Children Are At Risk

The Third Lausanne Congress on World Evangelization (Cape Town, 16-25 October 2010) brought together 4,200 evangelical leaders from 198 countries, and extended to hundreds of thousands more, participating in meetings around the world, and online. Its goal? To bring a fresh challenge to the global Church to bear witness to Jesus Christ and all his teaching – in every nation, in every sphere of society, and in the realm of ideas. The following is an excerpt from the proceedings.

5. Children

All children are at risk. There are about two billion children in our world, and half of them are at risk from poverty. Millions are at risk from prosperity. Children of the wealthy and secure have everything to live with, but nothing to live for.

Children and young people are the Church of today, not merely of tomorrow. Young people have great potential as active agents in God’s mission. They represent an enormous under-used pool of influencers with sensitivity to the voice of God and a willingness to respond to him. We rejoice in the excellent ministries that serve among and with children, and long for such work to be multiplied since the need is so great. As we see in the Bible, God can and does use children and young people – their prayers, their insights, their words, their initiatives – in changing hearts. They represent ‘new energy’ to transform the world. Let us listen and not stifle their childlike spirituality with our adult rationalistic approaches.

We commit ourselves to:

A) Take children seriously, through fresh biblical and theological enquiry that reflects on God’s love and purpose for them and through them, and by rediscovering the profound significance for theology and mission of Jesus’ provocative action in placing ‘a child in the midst’.[81]

B) Seek to train people and provide resources to meet the needs of children worldwide, wherever possible working with their families and communities, in the conviction that holistic ministry to and through each next generation of children and young people is a vital component of world mission.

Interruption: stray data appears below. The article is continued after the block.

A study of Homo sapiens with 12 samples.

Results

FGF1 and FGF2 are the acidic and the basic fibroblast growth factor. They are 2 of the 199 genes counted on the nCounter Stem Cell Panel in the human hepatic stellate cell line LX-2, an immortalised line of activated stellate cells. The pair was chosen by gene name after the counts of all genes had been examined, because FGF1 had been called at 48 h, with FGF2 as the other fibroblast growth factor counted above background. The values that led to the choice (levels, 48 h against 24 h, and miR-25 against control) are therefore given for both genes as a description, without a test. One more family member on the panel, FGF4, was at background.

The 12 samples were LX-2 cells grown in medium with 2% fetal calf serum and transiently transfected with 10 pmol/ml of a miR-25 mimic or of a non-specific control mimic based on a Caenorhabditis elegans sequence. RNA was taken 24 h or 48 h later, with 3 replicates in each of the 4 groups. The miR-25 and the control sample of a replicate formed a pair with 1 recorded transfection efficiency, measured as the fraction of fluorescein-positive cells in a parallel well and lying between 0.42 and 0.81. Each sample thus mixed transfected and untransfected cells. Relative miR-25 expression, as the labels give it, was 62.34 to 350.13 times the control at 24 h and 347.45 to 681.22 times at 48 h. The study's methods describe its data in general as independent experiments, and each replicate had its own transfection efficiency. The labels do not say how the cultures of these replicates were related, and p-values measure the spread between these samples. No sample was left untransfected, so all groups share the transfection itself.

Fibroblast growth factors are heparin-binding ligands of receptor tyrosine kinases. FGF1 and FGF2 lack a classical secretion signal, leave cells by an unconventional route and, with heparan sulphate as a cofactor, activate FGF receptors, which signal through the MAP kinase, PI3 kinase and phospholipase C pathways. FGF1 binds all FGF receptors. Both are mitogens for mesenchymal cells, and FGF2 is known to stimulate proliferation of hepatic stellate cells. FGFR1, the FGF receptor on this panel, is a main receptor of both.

C) Expose, resist, and take action against all abuse of children, including violence, exploitation, slavery, trafficking, prostitution, gender and ethnic discrimination, commercial targeting, and willful neglect.


God was in Christ reconciling the world to himself. God’s Spirit was in Cape Town, calling the Church of Christ to be ambassadors of God’s reconciling love for the world. God kept the promise of his Word as his people met together in Christ’s name, for the Lord Jesus Christ himself dwelt among us, and walked among us.[102]

We sought to listen to the voice of the Lord Jesus Christ. And in his mercy, through his Holy Spirit, Christ spoke to his listening people. Through the many voices of Bible exposition, plenary addresses, and group discussion, two repeated themes were heard:

  • The need for radical obedient discipleship, leading to maturity, to growth in depth as well as growth in numbers;
  • The need for radical cross-centred reconciliation, leading to unity, to growth in love as well as growth in faith and hope.
  • Discipleship and reconciliation are indispensable to our mission. We lament the scandal of our shallowness and lack of discipleship, and the scandal of our disunity and lack of love. For both seriously damage our witness to the gospel.

We discern the voice of the Lord Jesus Christ in these two challenges because they correspond to two of Christ’s most emphatic words to the Church as recorded in the gospels. In Matthew’s Gospel, Jesus gave us our primary mandate – to make disciples among all nations. In John’s Gospel, Jesus gave us our primary method – to love one another so that the world will know we are disciples of Jesus. We should not be surprised, but rather rejoice to hear the Master’s voice, when Christ says the same things 2,000 years later to his people gathered from all around the world. Make disciples. Love one another.

Make disciples

Biblical mission demands that those who claim Christ’s name should be like him, by taking up their cross, denying themselves, and following him in the paths of humility, love, integrity, generosity, and servanthood. To fail in discipleship and disciple-making, is to fail at the most basic level of our mission. The call of Christ to his Church comes to us afresh from the pages of the gospels: ‘Come and follow me’; ‘Go and make disciples’.

[81] Mark 9:33-37
[102] Leviticus 26:11-12; Matthew 18:20; 28:20
THE CAPE TOWN COMMITMENT, © 2011 The Lausanne Movement.
Source: The Cape Town Commitment

Additional Training Video: Aim Lower. Think Smaller.